The French Financial Market Authority (Autorité des marchés financiers, AMF) has published proposals for minimum environmental criteria for financial products in the highest Article 9 and Article 8 categories of the Sustainable Finance Disclosure Regulation (SFDR).
The AMF puts forward that their recommendations, which could be implemented very quickly in European law, would be a useful addition to the current regulatory framework. They recommend that:
- Minimum environmental criteria should be established for the classification of products as Article 9 or Article 8. Compliance with these criteria would be subject to national supervision. The criteria for Article 9 should continue to be more stringent than those for Article 8.
- A minimum proportion of portfolio assets for Article 9 funds should consist of investments aligned with the Taxonomy. This percentage could increase over time as the European economy advances towards sustainability.
- Financial market participants that manage Article 8 and 9 funds should adopt a binding ESG approach in their investment decision-making process. The EU framework for minimum criteria should identify a set of acceptable ESG approaches that can be implemented by financial players.
- Article 9 funds should exclude investments in fossil fuel activities that are not aligned with the European Taxonomy. Investment in such activities would be possible for Article 8 products provided that they meet strict conditions that ensure that these activities are engaged in an orderly transition.
AMF’s calls for fossil fuels to be banned from Article 9 funds, and severely restricted in Article 8 funds, will no doubt cause much debate. For Article 9 funds, which have a sustainable investment objective, the AMF proposes excluding all activities related to fossil infrastructure, with the exception of a very small number of gas power plants and transport infrastructure.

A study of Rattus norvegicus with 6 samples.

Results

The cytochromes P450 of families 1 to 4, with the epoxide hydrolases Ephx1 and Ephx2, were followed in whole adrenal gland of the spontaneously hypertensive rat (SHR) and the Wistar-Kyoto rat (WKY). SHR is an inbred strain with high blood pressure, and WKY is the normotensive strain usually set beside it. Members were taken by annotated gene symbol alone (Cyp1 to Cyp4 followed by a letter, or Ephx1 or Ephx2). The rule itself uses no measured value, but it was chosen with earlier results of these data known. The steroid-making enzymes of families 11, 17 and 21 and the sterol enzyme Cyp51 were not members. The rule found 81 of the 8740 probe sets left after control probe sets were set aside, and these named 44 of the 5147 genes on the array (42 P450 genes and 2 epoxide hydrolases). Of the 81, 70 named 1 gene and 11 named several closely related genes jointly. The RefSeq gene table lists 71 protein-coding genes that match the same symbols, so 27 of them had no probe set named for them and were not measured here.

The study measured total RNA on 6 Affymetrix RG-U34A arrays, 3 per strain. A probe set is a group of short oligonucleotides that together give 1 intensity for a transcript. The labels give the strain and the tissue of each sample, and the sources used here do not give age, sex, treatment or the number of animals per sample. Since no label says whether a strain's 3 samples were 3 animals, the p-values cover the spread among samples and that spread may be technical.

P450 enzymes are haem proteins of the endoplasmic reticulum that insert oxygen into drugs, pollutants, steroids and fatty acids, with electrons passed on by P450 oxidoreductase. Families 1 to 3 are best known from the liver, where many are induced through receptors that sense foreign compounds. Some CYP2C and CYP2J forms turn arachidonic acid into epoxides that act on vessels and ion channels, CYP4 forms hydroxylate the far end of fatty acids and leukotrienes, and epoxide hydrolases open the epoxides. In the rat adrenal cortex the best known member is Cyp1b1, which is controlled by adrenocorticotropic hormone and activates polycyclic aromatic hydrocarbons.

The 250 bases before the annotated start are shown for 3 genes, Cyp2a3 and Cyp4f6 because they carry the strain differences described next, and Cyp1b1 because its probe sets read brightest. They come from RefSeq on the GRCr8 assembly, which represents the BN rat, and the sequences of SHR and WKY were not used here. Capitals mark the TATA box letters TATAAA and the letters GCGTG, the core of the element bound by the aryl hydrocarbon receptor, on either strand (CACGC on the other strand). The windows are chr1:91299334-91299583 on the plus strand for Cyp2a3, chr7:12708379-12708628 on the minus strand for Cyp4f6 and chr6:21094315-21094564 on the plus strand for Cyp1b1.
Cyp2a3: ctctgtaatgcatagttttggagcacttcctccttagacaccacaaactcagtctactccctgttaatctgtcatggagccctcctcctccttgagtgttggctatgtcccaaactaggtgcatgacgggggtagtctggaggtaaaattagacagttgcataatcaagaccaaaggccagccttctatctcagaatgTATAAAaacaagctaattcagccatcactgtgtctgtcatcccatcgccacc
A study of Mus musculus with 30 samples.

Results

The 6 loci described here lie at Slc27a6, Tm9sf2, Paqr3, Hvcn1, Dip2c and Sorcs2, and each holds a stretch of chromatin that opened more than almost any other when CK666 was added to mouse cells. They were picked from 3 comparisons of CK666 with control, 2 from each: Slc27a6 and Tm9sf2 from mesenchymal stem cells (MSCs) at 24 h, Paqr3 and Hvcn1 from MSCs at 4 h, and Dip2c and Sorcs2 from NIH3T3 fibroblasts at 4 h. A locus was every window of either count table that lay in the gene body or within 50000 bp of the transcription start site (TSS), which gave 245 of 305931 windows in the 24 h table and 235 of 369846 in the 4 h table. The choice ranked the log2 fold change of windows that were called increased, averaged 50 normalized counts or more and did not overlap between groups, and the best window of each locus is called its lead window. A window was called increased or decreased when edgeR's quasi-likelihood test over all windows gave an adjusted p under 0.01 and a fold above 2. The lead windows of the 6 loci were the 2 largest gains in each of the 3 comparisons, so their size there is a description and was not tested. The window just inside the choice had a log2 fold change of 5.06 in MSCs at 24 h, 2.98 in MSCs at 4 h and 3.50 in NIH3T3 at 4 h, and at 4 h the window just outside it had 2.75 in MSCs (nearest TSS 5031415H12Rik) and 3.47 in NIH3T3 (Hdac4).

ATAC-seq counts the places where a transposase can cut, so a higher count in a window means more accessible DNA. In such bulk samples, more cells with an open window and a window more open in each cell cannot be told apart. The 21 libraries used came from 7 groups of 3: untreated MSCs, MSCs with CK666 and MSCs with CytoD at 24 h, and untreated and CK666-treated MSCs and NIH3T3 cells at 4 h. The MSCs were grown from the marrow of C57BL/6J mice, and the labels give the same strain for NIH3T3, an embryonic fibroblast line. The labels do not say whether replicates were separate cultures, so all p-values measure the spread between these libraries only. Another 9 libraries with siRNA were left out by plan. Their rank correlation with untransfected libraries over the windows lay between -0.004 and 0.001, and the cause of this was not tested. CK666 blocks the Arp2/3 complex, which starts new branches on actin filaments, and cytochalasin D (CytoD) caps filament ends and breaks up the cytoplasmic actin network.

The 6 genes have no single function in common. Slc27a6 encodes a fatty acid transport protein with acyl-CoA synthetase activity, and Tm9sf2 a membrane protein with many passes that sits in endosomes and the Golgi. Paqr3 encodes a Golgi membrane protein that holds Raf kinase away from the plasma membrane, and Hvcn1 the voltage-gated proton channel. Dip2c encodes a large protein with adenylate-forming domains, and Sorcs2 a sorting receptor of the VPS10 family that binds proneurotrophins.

For Article 8 funds, which promote environmental, social and governance-focused investing, the AMF proposes a lighter touch approach. Fossil fuel companies could be included provided they have a "convincing transition plan", which should be accompanied by a plan to exit fossil fuel assets.
These recommendations by the French regulator are another an important step in the battle against greenwashing. Their recommendation for the exclusion of fossil fuels from sustainable funds, is the first by a national regulator in Europe to take such an explicit public position.
Eyes will now be on the European Commission to see if they take the lead so that sustainable funds can no longer contain companies that develop or own fossil fuel projects.
Pushback in the US
In the US there has been a lot of coverage recently about a little-known group named Consumers’ Research, bankrolled by mysterious donors, which has emerged as a key player in the conservative crusade to prevent Wall Street from factoring climate change into its investment decisions.
On Dec. 1, the group joined 13 state attorneys general in calling for a federal regulatory agency to investigate Vanguard, one of the world’s three biggest financial asset managers. Consumers’ Research accused Vanguard of “meddling with [the] energy industry to achieve progressive political goals at the expense of market efficiency.” Within days, Vanguard announced it was quitting a coalition called the Net Zero Asset Managers Alliance and shelved its own modest pledges to cut the amount of greenhouse gas emissions linked to companies in which it invests. Leaders of Consumers’ Research were apparently surprised and no doubt elated.
To hit back against climate-minded investment companies, Consumers’ Research has worked with Republican politicians in several states. Texas, Louisiana, Florida, West Virginia and Missouri, among others have moved to bar BlackRock and other investment firms from managing all or part of their pensions.
The fossil fuels exclusion investment debate will remain a focus globally. If Europe leads the way with legislation, it will be fascinating to see the response of other jurisdictions.